SHENZHEN, China, June 3, 2021 /PRNewswire/ — EatForCharity (EFC), the first online ordering platform to partner with three of the biggest delivery companies in China, has created the largest network of delivery services working together to raise money for charity via online ordering of food, drinks, groceries, pet food, and over-the-counter medication.
Unlike other ordering platforms that use their own drivers, EatForCharity built a system that integrates directly with other delivery companies and calls out to all available drivers, like a bat-signal, whenever they are needed to deliver an order. This distinction has allowed EFC to scale quickly, an important trait as their users are non-Chinese-speaking foreigners in China, who are spread out throughout the country.
EFC, which has grown in just over a year from just 7 shops in Shenzhen, China to over 120 shops across 10 cities: including Shanghai, Guangzhou, Xiamen, Foshan, JieYang, Wuxi, Yiwu, Shantou and Dongguan, is built for non-Chinese speaking foreigners to be able to order in English, Spanish, Portuguese, Russian, Korean, Japanese, and Chinese.
"With the recent addition of SF Express to our network of partners, EatForCharity now has the largest pool of available delivery drivers, ensuring the fastest possible delivery for consumers," said American Gary Isse, Founder of EFC in China. "Our goal by bringing together such an enormous collection of drivers from China’s biggest delivery companies is to make sure that no matter your location, the time of day, day of the week, or the weather, we’ll always have the resources available to keep our customers happy."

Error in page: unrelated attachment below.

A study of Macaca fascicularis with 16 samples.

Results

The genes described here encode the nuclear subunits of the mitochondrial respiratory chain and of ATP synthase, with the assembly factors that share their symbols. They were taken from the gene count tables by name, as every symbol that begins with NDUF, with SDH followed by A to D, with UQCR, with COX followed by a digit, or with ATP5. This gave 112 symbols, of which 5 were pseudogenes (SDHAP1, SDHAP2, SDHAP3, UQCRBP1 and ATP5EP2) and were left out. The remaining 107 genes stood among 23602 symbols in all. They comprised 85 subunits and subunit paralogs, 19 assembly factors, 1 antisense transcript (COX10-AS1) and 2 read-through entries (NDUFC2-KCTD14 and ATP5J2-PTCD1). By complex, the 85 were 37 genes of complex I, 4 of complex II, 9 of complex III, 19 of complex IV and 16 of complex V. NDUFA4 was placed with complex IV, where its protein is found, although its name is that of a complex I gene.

- EatForCharity was started by American expat in China Gary Isse, and his Chinese wife Kiko, during the COVID-19 outbreak to raise money for local charities while helping expats like himself order food.
- Delivery partners include China’s largest food delivery company Meituan, China’s largest 3rd party courier service DaDa, and now via China’s largest shipping company SF Express.
- EatForCharity’s commitment to local charities, by giving 25% of its revenue to those causes, has helped its small team of just a handful of people gain new partners and expand rapidly.
Distrust of Charities Stokes Some Skepticism
- Given the numerous scandals involving some charities over the years, consumers are understandably distrustful of groups claiming to support charitable causes.
- EFC includes a variety of different charities in the platform, from small local pet rescue operations, individual people needing help, all the way to large charity organizations.
- Merchants on EFC are contractually obligated to keep menu prices no higher compared to any other online platforms, so consumers pay no extra ordering on EFC. Donations provided to charities are paid from revenue EatForCharity earns from commissions from their orders so consumers can feel good about helping charities at no extra cost to them.
"By giving customers the ability to choose which charities benefit from their orders, our goal is to start changing people’s minds about how business works and make the redirection of funds from everyday consumerism to the many worthwhile causes that need it most a common occurrence," says Isse, who added "we’re really excited about the feedback and support which has helped us grow so fast. In fact, we’re now looking at entering the U.S. early next year as well."